Do Republicans Really Have a Death Wish?

Francis Wilkinson writes editorials on politics and U.S. domestic policy for Bloomberg View. He was executive editor of the Week. He was previously a national affairs writer for Rolling Stone, a communications consultant and a political media strategist.

The legislation will both expose and challenge the core pathology of the Republican Party -- that recurring tic by which the least constructive faction on any particular issue calls the ideological tune. (A budget compromise to put the nation's fiscal policy on track? Nah. Let's hold the global economy hostage over the debt ceiling instead. Negotiate improvements to Obamacare? No way: Better to cast toy repeal votes by the dozens.)

Immigration is different from other issues in a powerful way.

After five decades of using race as a political wedge to win elections, a process that transferred Dixie from Democratic to Republican control, Republicans can draw upon little goodwill from racial minorities. The party's undisguised efforts to destroy the first black president will cement black allegiance to the Democratic Party for decades to come. Of course, Republicans kissed off black voters (13 percent of all voters in 2012) decades ago and still won elections. The question is whether the party can similarly dismiss the rapidly growing Hispanic vote (10 percent) and Asian vote (3 percent).

The only answer is no.

An America's Voice/Latino Decisions poll released last week found that two-thirds of registered Hispanic voters personally know an undocumented immigrant and that a slightly higher percentage rate immigration reform "extremely" or "very" important. On immigration, Hispanic voters give Congressional Democrats a 65 percent to 25 percent favorable/unfavorable rating. The comparable Republican numbers are 26 percent to 59 percent -- even though Republican Senator Marco Rubio of Florida has been the public face of reform. In predicting their vote for Congress in 2014, poll respondents said they expected to support a Democrat over a Republican by 66 percent to 20 percent.

Some Hispanic voters have already concluded that the Republican Party is their foe. A 2010 poll found that almost one-third of Hispanics considered racism a factor in the immigration debate. And that was before anti-immigrant rhetoric reached its peak in the 2012 Republican presidential primary.

If fundamental mistrust of Republicans spreads to more Hispanics and Asians, demography will effectively ruin the Republicans as a presidential party -- and fast. "As the electorate overall diversifies, the Republican Party is not going to be able to win another national presidential election if they are not in the high 30s or 40s" among Hispanic voters, Latino Decisions pollster Matt Barreto told Garance Franke-Ruta in the Atlantic. (The 2012 Republican candidate, Mitt Romney, received about 27 percent of the Hispanic vote.) If the party proves incapable of producing a winning national coalition, the implications for Republican candidate recruitment, fundraising and other political mechanics become dire.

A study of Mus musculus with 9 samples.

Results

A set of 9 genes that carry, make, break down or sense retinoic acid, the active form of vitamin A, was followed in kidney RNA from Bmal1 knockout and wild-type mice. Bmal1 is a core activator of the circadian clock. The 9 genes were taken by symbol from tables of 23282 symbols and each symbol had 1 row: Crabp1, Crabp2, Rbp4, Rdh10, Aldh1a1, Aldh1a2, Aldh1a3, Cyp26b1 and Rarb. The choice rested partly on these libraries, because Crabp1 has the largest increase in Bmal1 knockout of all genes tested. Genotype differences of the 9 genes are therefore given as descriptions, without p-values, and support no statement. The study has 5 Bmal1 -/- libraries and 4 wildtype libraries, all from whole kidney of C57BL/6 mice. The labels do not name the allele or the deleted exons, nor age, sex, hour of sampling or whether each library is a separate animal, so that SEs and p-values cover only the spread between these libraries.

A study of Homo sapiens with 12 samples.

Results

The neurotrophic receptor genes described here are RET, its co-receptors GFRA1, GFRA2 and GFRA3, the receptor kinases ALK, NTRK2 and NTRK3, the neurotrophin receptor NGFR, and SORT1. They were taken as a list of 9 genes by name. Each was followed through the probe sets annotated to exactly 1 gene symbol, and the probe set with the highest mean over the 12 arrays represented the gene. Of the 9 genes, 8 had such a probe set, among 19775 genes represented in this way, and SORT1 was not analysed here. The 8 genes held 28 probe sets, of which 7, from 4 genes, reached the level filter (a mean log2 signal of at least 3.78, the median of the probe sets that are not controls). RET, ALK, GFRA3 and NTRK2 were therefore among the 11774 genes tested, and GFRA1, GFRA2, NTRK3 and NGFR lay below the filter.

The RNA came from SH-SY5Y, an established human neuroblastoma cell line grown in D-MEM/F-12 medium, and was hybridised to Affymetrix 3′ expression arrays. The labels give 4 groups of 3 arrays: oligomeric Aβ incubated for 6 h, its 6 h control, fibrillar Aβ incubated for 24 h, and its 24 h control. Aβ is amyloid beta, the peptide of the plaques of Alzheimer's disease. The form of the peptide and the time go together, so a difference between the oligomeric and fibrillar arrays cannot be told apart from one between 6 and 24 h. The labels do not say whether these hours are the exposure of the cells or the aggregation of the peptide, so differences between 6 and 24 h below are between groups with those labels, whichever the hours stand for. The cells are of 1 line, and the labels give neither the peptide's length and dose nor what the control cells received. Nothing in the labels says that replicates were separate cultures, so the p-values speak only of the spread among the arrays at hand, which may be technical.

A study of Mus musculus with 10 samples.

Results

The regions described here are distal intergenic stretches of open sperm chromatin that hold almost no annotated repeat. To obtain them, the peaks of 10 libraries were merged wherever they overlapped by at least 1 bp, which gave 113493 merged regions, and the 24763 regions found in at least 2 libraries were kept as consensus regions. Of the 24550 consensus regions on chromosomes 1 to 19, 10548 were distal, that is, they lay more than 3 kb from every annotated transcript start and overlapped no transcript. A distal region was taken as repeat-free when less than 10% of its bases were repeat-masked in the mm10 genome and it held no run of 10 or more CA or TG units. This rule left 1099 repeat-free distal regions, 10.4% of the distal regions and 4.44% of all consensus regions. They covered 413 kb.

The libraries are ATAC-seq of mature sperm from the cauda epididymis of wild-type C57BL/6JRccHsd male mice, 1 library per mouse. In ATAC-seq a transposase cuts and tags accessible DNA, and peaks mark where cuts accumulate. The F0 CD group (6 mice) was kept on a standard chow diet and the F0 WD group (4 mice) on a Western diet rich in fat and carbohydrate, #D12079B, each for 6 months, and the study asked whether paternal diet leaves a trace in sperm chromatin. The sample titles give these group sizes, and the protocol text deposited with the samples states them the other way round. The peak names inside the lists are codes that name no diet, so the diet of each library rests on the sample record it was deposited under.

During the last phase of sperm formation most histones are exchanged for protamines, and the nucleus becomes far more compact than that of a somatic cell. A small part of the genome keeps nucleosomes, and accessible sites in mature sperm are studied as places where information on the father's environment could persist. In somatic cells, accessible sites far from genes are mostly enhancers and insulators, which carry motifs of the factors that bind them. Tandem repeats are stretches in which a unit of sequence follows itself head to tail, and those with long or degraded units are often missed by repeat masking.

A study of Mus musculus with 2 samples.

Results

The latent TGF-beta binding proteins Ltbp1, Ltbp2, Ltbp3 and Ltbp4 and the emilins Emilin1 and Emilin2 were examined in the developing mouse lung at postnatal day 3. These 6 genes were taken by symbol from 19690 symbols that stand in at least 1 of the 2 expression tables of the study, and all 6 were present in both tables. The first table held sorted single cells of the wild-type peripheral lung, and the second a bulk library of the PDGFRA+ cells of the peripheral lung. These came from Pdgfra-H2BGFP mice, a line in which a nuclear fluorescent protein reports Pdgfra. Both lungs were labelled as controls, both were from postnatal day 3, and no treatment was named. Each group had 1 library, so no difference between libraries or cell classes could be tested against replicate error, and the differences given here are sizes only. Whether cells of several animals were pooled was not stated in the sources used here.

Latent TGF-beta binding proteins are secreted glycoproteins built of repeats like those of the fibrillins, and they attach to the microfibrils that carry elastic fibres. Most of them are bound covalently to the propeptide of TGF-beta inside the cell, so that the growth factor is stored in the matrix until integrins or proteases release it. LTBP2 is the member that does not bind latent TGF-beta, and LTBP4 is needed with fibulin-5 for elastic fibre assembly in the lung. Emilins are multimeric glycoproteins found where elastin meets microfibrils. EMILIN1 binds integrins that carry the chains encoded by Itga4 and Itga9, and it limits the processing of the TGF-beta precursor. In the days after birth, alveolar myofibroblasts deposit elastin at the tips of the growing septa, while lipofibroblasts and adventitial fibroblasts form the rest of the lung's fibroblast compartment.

The Senate seems primed to pass bipartisan immigration legislation. And ABC News reported that House Speaker John Boehner "said he believes that passing an immigration bill in the House is the most important thing on his agenda this year."

Yet it's impossible to know how effectively Boehner can manage his unruly troops -- or how far to the right his definition of "immigration bill" will ultimately be. Last week, House Republicans voted to overturn President Barack Obama's executive order enabling young undocumented immigrants -- who had been brought to the U.S. as children -- to avoid deportation. As policy, the vote was pointlessly cruel. As politics, it was disastrous, targeting the most sympathetic group of undocumented immigrants for punishment, and revealing a Republican rank and file marching behind their most virulently anti-immigrant colleagues.

Writing in U.S. News under the headline "A Finger in the Eye of Hispanic Voters," Robert Schlesinger asked the obvious question: "Does this party have a death wish?"

We'll soon learn the answer.

This column does not necessarily reflect the opinion of Bloomberg View's editorial board or Bloomberg LP, its owners and investors.